Several years ago, I had to prepare a speech for my Toastmaster’s club that summarized my life experiences. At first it was daunting—how could I make myself sound humble and interesting at the same time? But this turned out to be a valuable exercise, because it revealed to me a pattern in my life that I had never noticed before. I summed up that pattern by naming my speech: “When The Student Is Ready.”
The title comes from the Japanese saying, “When the student is ready the Buddha will appear.” The origin of the word Buddha means “to wake up” and people think of the Buddha as a great teacher. And what is a great teacher but someone who wakes you up? Why this is important to me is because—while preparing for that speech—I realized that I’ve always been a student, and whenever I most needed it, a person has appeared to either teach me or point me in the right direction.
The Buddhas who taught me about classical music are numerous and after my friend Kerry Wade came an entire family, the M*s, whom I presented in a previous entry. It seem like every time we visited their house, Mr. M* would be sitting, happily ensconsed in his comfy chair in the living room, champing a cigar, listening to a symphony. Every once in a while he would look up from his book to read aloud a humorous passage from Ring Lardner or S.J. Perlman or to quote a James Thurber cartoon. One time I arrived to find the whole household in an uproar. The Mary Tyler Moore show, a ’70 American sitcom, had depicted a dinner party in which one of the characters raised a glass of wine and said “It’s a naive domestic Burgundy, without any breeding, but I’m sure you’ll be amused by its presumption.” The M* family weren’t enraged by the use of the quote, but rather that the writers had not attributed it to James Thurber, who had created it as the captions of one of his cartoons in the New Yorker.
Paul M*, a year my senior, and I once went to see the John Borman film, “Zardoz.” This film was a kind of anti-intellectual and anti-bourgeois, post-apocalyptic morality play. Kind of like “If . . .” but with more sex and Sean Connery. In one scene, a huge stone head comes floating down from the sky accompanied by a somber, almost funereal piece of music. “Beethoven,” Paul leaned over and whispered. “Seventh Symphony. Second Movement.” Some days later, I bought a recording of the symphony by The Chicago Symphony, conducted by Fritz Reiner. It remains one of my favorite symphonies by Beethoven. Although, you can decide for yourself if you think it was an abomination to use Beethoven in this film:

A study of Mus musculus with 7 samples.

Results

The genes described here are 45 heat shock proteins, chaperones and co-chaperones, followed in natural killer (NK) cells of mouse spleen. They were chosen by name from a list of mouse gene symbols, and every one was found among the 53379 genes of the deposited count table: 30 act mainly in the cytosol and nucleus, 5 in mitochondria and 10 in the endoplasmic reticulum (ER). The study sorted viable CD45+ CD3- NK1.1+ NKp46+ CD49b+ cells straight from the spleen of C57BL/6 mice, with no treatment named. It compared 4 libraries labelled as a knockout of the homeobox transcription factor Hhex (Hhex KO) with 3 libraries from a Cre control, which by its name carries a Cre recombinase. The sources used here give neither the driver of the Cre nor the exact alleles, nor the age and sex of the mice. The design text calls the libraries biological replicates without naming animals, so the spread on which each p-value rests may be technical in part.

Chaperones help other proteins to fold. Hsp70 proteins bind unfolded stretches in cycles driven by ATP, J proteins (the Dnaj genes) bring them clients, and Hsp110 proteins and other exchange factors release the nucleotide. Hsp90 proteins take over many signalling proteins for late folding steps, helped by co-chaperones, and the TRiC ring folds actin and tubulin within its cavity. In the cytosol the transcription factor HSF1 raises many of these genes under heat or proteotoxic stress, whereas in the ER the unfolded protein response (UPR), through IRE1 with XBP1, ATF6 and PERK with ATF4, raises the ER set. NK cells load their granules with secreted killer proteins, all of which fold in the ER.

The liner notes called this work “The Dance Symphony,” which might go back to Wagner referring to it as “the apotheoisis of the dance.” For me, the association with dance goes back to an early ’70s movie that was shown on T.V. around the time I first heard it. The film was “The Loves of Isadora,” which starred Vanessa Redgrave. I had first heard of the dancer, Isadora Duncan, from my friend Kerry Wade, who told me she had been killed on the island of Capri while riding in a Bugatti (Kerry was an antique car enthusiast.) It seems that Duncan had a fondness for flowing scarves, and while riding in a small convertible, her neckwear became entangled in the wire spokes of the rear wheel and it snapped her neck. The film depicted this event in rather disturbingly graphic detail. In another kitschy touch, they showed Redgrave flitting about on stage doing an interpretive dance to Beethoven’s Seventh.
The Seventh sparked much florid prose by its enthusiastic supporters, among whom Schumann, Wagner, and even Karl Marx. Some read into the piece depictions of gay peasant dances, revolution, orgiastic bacchanlias, flowering meadows, and the jubilant voices of children. Even Beethoven found this really too much and he said, if writers needed to explain his work to the public,”they should be confined to characterizations of the composition in general terms, which could easily and correctly be done by any educated musician.”
In truth one would have to be pretty callous to listen this music and not feel good. True, the second movement does sound almost funereal, starting out with ominous low strokes by the string basses. This was perfect music for a brooding adolescent boy with acne. However that movement ends on an optimistic note and is followed by one of the most exuberant pieces Beethoven ever wrote.
Maybe that is why Beethoven is so great, he takes you into the dark depths of sorrow, but he then leads you out safely into the light.
In the the 40 years since my high school days, I gradually lost touch with the M* family Buddhas. The last I heard of Paul, he had become a Jesuit and worked with Mother Teresa in India preparing people to die. One of his sisters went on to become a doctor. Their lessons live on in me, though, every time I hear this great, great symphony.